We checked out from the hotel in the downtown and set off to Olympic Nation Park in the morning. We planned two full days for it, which we thought it would be enough, but as we went to the west end of the park, it’s almost 5-hour driving from the city. We actually spent a lot of time on the road.
We took I-5 south then turned to WA-16 all the way to the north through Kitsap Peninsula. Another option is to take the ferry to Bainbridge Island, the distance would be much shorter but the time required is about the same. While we were driving on the road until we got to Port Angeles, the majestic Mt. Rainier was always in our sight.
WA-16 became WA-3. At the end of WA-3, we were supposed to make a left turn to the Hood Canal Bridge, but we missed it. We then reached a hard 90-degree right turn. Through the morning fog, I noticed the tree-lined street on my left was so lovely. We stopped and found ourselves at Port Gamble. Port Gamble was found by William Talbot and his partners in 1850’s, they form the Puget Mill Company to ship the lumber from Oregon forest to California. They built the down and houses in Maine style, where their home state is.
We stopped by the little museum and walked around the streets. Sometimes, derailing from the planned route can result in a surprisingly wonderful experience. Our founding of Port Gamble is another proof.
It took us another 20 minutes to realize we made a wrong turn. We turned back and crossed the Hood Canal Bridge. The view over Hood Canal was nice and Mt. Rainier was at our back now. For the most part, both sides of the highway are covered by the dense jungles. As we closed to Port Angeles, we saw the Discovery Bay and Sequim Bay behind the woods. We arrived at Port Angeles at 1pm and we had the lunch at McDonald’s.
Last time we came to Olympic Nation Park, it’s 10 years ago in April. We tried to get to Hurricane Ridge but were stopped by snow. This time we were here at the height of summer in the early afternoon, even at 1-mile above the sea level, it’s very warm and the sun was harsh. The air was clear, we could see Victoria Island about 30 miles away. We had a hike along the Cirque Rim Trail and eventually got as far as to the Sunrise Point.
Returned to Port Angeles, we kept on driving to the west, the Pacifica Coast side of the park. Although the map might tell you that it only takes one and half hours, you should plan for longer time. The road, for the most part, running on the north of the park. There are several small branches that allow visitors to explore the valleys. We planned to do that on our way back, so we only made a brief stop at Lake Crescent.
We arrived in Forks at 5:30pm. We checked into Miller Tree Inn B&B. We are not Twilight movie fans, so before coming here, we had no idea that Forks is actually where the story took place in the novels. Since the novels became the best sellers and movies were release later, tourist traffic to this small town has been greatly multiplied, although the movies were mostly filmed in Oregon. Because the house of Miller Tree Inn bears some similarities to the house described in the novels, it’s also called “Cullen House”.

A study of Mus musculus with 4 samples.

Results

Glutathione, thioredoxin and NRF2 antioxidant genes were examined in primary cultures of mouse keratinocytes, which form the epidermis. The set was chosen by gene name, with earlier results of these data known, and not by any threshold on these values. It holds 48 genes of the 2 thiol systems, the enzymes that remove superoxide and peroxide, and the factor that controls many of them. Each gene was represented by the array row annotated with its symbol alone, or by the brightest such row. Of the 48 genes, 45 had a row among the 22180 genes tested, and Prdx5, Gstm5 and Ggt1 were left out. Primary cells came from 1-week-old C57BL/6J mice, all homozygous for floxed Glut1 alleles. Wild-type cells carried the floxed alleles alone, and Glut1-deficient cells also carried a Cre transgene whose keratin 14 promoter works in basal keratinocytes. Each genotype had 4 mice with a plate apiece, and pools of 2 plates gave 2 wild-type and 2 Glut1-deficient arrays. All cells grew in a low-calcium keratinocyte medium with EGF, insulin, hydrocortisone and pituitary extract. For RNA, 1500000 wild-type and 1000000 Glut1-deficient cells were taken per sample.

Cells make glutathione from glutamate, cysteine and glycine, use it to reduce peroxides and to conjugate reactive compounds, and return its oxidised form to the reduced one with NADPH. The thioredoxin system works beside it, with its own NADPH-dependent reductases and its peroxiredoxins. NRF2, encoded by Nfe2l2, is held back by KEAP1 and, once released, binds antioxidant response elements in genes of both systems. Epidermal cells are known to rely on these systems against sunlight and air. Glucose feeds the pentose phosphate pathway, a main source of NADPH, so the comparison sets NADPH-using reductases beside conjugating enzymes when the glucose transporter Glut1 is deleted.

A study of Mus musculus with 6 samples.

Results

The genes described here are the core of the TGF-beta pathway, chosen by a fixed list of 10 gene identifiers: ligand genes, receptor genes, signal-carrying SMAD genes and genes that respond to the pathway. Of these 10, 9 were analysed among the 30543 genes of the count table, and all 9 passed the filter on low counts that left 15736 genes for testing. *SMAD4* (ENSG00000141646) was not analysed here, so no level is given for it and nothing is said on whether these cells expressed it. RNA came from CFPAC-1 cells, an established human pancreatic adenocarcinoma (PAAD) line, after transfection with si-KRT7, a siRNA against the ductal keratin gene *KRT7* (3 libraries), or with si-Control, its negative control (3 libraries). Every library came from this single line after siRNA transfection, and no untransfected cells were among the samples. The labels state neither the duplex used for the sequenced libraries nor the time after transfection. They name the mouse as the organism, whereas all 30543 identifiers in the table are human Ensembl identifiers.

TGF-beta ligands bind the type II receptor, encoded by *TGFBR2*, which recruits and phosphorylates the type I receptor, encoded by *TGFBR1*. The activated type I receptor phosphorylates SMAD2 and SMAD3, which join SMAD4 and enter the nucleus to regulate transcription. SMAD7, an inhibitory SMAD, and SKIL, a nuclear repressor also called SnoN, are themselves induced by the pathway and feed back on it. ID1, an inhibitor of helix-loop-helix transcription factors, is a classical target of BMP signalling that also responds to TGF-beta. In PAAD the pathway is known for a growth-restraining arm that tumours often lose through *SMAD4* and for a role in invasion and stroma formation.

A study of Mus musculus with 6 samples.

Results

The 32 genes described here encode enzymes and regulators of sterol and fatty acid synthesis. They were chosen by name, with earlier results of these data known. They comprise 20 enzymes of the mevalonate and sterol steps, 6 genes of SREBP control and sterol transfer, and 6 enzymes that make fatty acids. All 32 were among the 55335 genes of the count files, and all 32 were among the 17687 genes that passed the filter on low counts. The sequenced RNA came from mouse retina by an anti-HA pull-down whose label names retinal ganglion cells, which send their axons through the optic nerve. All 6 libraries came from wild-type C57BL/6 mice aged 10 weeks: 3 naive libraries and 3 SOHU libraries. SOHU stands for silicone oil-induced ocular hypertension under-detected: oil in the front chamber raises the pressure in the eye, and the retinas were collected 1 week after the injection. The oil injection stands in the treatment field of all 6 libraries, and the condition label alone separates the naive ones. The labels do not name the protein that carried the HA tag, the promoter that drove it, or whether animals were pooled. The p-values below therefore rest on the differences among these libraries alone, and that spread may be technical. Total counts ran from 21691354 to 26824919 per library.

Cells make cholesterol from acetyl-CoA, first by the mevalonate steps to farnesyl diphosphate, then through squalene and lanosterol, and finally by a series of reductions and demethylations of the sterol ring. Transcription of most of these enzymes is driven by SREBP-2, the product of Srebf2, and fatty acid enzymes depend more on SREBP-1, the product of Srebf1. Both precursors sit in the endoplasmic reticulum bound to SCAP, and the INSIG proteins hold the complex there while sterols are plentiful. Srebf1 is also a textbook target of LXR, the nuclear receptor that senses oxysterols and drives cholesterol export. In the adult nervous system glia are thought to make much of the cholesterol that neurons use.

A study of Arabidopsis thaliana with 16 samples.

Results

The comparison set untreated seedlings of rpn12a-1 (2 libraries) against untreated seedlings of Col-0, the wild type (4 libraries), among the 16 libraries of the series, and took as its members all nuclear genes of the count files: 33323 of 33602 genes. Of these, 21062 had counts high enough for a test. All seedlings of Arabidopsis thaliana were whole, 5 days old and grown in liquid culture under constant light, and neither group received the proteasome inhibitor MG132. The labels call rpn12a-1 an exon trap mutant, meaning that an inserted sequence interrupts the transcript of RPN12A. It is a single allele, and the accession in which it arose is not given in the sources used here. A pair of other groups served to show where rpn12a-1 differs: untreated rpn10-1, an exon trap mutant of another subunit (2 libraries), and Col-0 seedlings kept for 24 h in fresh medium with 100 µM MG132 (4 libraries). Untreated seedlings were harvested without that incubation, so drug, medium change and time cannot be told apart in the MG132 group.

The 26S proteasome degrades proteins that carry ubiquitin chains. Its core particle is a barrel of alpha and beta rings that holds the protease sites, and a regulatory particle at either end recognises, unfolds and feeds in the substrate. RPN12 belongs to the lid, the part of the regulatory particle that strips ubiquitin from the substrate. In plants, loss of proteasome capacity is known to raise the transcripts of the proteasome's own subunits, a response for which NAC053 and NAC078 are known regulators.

My plan for the rest of the day was to photograph Rialto Beach‘s famous sea stacks at sunset. The sky looked very promising at Forks, but Forks is 15-mile away from the coast. As we got closer and closer to the beach, the fog got thicker. When we were actually on the spot, the beach was entirely shrouded in the gray and ominous fog. Sea stacks were bare to be seen. It’s no way I could get those picture with sea stacks immersed in the golden color, but the bad weather offered me another opportunity: How to capture the gloomy feeling? The stark difference in color between the white waves of the angry sea and dark cobbles on the beach was also inspiring. I ended up having some very interesting shots but very different from what I had expected.
As we were on our way back to the town after 7pm, the sky got clear again. Weather by the sea is totally unpredictable, especially in the summer. Maybe because Twilight fever has somewhat retreated now, Forks is a quiet town at night, almost no people on the street. We had the dinner at Blakeslees Bar and Grille.
We stayed in Ella’s Suite of Miller Tree Inn. Before the sunrise, we heard some strange noises coming from the surrounding ranch. The next day morning, as we were having breakfast at Miller Tree Inn, (the host cooks breakfast for all guests), the owner said some Elks coming down from the hill and one youth got stuck by the fence. What other creatures could come out from the forest and hills? It’s the Twilight Zone after all.
After playing the seek-and-hide game with the owner’s tabby cat for a bit, we checked out the B&B at 9am. The distance between Forks to Hoh Rain Forest Visitor Center is 30 miles. It will take about an hour to get there because of the winding road, once you leave highway 101 in the park. Hoh Rain Forest is one of the largest temperate rainforests in America. Two short trails loop through the forest near the visitor center. The view of the rain forest was fascinating. I wish we could spend more time there.
It took us more than 5 hours to drive all the way back to the airport. We skipped all the interesting spots by the road and only made a brief stop at Port Angeles for lunch. Given the distance from the city, you should plan to stay two nights in order to explore the Pacific side of the Olympic National Park.